By Mike Panozzo
Mike became editor of Billiards Digest in 1980 and liked it so much that he bought the company. He has served on the Billiard Congress of America board of directors and as president of the Billiard & Bowling Institute of America.


September 2022

Based on the ruckus on social media, one might think the European Open Pool Championship in Fulda last month included the unveiling of a seventh pocket. Or, as Earl Strickland champions, the elimination of side pockets!

“This completely changes the game!” came the chorus of responses.

First off, the changes to the break employed by Matchroom at the inaugural European Open weren’t exactly mind-blowing, why-didn’t-anyone-think-of-this-before revelations. Racking with the 9 on the spot has been used in tournaments for a number of years and has been the rule in all Euro Tour events for some time.

And the break box? Also been around and tested sporadically for years. In fact, the 2021 International Open used virtually the same format that Matchroom used in Germany — break box and 9 on the spot. (Incidentally, Shane Van Boening struggled mightily with the break in losing to Albin Ouschan in the semifinals in Norfolk, Va., last October, just as he did in the final in Germany.)

But because Matchroom events are so visible internationally and marketed so robustly, the format modification and resulting impact on the event were publicized, analyzed, and legitimized by fans around the globe for days on end. Even players, once eliminated from the event, took to social media to hail the latest efforts to make major 9-ball tournaments more competitive and interesting.

And I don’t have a problem with any of that on any level.

For starters, Matchroom, already the leader in big-money, high-visibility pro 9-ball tournaments for several decades, doubled down in 2022 with the addition of several new open tournaments, the creation of its own ranking system and a leadership role in convincing other promoters to join the journey to a full, structured and lucrative annual lineup of events.

With the calendar beginning to take shape, efforts turned to fine-tuning the competitive aspect of the events. What playing format supports the desire to reward the very best players, while at the same time showcasing all aspects of the game?

Traditionally played with the 1 on the spot and the break allowed anywhere in the kitchen, major 9-ball events had dissolved into break-and-run fests. Guaranteed of pocketing the wing ball (and often the 1 as well) and getting a predictable and cushy spread of the remaining balls, the game had become interesting, even to those who love watching beasts like Van Boening, Josh Filler and Jayson Shaw string together five-packs and six-packs like tying their shoes.

For me, one of the key benefits of Matchroom’s continued tinkering with the rules was the inclusion of top pro players in the process, which invariably would lead to buy-in from those same players if their suggestions were actually implemented. Don’t underestimate how important that is going forward.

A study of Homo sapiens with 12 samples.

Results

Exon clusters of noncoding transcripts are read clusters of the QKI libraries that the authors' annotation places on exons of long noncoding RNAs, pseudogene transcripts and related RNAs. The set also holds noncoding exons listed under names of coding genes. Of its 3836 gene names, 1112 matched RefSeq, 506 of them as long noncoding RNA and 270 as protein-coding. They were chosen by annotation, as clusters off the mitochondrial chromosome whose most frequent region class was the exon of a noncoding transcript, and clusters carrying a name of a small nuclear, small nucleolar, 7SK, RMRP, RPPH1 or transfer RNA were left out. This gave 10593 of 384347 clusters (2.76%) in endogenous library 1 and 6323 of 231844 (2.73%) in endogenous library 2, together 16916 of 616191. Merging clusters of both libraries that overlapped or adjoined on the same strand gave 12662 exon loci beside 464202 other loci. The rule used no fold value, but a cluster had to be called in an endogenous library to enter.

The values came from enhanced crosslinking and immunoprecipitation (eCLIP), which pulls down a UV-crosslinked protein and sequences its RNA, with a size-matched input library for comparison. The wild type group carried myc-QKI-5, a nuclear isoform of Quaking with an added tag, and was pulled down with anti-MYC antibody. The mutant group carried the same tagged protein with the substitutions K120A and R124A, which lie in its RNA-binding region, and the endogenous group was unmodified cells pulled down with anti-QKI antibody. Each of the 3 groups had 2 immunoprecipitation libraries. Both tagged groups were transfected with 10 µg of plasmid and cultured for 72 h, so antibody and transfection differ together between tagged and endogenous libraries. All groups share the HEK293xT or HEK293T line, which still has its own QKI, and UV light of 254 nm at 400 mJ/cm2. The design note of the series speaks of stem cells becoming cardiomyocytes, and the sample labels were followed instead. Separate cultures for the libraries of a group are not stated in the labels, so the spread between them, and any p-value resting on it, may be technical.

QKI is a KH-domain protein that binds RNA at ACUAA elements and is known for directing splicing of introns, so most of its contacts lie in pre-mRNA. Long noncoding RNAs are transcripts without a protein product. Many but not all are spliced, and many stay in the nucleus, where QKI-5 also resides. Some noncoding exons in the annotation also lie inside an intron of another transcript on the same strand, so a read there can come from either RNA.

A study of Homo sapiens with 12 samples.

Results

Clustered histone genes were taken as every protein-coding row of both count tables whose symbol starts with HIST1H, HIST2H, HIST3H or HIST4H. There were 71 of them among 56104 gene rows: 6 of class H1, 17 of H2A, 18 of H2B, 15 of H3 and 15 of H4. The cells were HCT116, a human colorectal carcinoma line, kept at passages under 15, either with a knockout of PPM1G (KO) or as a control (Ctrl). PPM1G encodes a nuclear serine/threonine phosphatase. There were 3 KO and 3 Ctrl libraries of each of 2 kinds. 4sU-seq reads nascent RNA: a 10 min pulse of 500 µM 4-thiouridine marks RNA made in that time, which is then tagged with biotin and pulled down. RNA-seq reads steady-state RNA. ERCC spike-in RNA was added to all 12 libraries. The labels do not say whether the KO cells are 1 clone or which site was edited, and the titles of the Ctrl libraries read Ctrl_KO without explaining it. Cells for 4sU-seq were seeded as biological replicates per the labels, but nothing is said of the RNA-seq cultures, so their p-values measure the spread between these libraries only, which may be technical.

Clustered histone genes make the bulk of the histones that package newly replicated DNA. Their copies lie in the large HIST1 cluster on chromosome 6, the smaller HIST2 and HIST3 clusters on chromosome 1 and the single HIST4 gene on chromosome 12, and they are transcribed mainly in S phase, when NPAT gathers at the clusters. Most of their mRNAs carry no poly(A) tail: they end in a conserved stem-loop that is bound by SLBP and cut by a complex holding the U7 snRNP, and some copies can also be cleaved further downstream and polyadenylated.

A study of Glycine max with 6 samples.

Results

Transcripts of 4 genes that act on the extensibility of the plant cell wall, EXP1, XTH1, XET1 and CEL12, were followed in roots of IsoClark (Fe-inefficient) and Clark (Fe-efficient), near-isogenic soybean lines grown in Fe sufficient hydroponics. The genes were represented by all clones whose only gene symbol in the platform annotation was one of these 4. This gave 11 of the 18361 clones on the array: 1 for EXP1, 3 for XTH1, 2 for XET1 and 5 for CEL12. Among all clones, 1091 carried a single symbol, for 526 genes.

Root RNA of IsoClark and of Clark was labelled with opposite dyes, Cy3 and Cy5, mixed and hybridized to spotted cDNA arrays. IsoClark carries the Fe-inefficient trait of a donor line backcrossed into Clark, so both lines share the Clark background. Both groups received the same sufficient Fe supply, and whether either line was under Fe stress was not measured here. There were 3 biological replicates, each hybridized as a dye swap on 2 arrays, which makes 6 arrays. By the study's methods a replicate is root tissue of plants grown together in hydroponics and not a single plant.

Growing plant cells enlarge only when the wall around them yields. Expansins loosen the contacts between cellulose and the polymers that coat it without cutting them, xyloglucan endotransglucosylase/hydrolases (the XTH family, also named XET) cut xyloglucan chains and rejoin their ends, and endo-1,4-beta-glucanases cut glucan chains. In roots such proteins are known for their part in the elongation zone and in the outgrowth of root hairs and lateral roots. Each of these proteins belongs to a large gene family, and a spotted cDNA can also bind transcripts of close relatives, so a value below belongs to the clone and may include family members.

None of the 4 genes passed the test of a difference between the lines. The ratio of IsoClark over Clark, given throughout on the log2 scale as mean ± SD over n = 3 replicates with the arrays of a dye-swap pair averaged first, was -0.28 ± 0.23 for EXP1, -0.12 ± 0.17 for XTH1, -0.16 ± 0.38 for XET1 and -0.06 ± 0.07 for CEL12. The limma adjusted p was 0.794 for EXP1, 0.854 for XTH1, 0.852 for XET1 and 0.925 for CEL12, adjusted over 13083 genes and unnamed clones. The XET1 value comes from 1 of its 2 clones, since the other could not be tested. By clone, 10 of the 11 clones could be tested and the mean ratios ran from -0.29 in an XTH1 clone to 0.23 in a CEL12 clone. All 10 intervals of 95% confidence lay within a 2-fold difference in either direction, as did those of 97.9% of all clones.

The success of the new rules was lauded almost universally. The only real complaint by the players was the switch from templates to hand-racking for the final 16, a move every pro insisted was pointless and, indeed, detrimental more often than necessary. And, to its credit, Matchroom immediately announced that its open event going forward would use template racking from start to finish.

Some concern has been expressed that the pros will eventually uncover a way to “solve” this rack as well, as if pool is a Rubik’s Cube. But most pros agree that, regardless, the latest racking and breaking requirements will lead to more open breaks, more scratches on the break and more confounding ball layouts — all of which means tighter matches, more cat-and-mouse action, less predictability and more tension.

That was evident in Germany, where players looked physically and mentally exhausted after more than a few close matches.

The goal now will be to get all major 9-ball events to follow the same script.

So, you ask, is this really all such a big deal?

I’m here to say, “Yes.”

And here’s why.

Look at it from a “Big Picture” perspective. (Yeah, I really hate that cliché as well!)

Pool’s ability to grow to the next level (which Matchroom likes to promote as somewhere between professional darts and professional snooker, both of which it has steered to great heights) will be in making the sport greater than the sum of its parts. In other words, all of these little tweaks and changes and efforts pieced together will create a more exciting, more compelling, more uniform and, by extension, a more attractive total package to potential outside industry sponsors.

Lack of uniformity, organization and, of course, prize money have been the primary pitfalls preventing pool from garnering serious consideration from companies outside our little circle in the past. If the sport, the players and billiard industry partners can rectify those drawbacks through all these little improvements, pool will be far better positioned to take that critical next step to mainstream understanding and acceptance.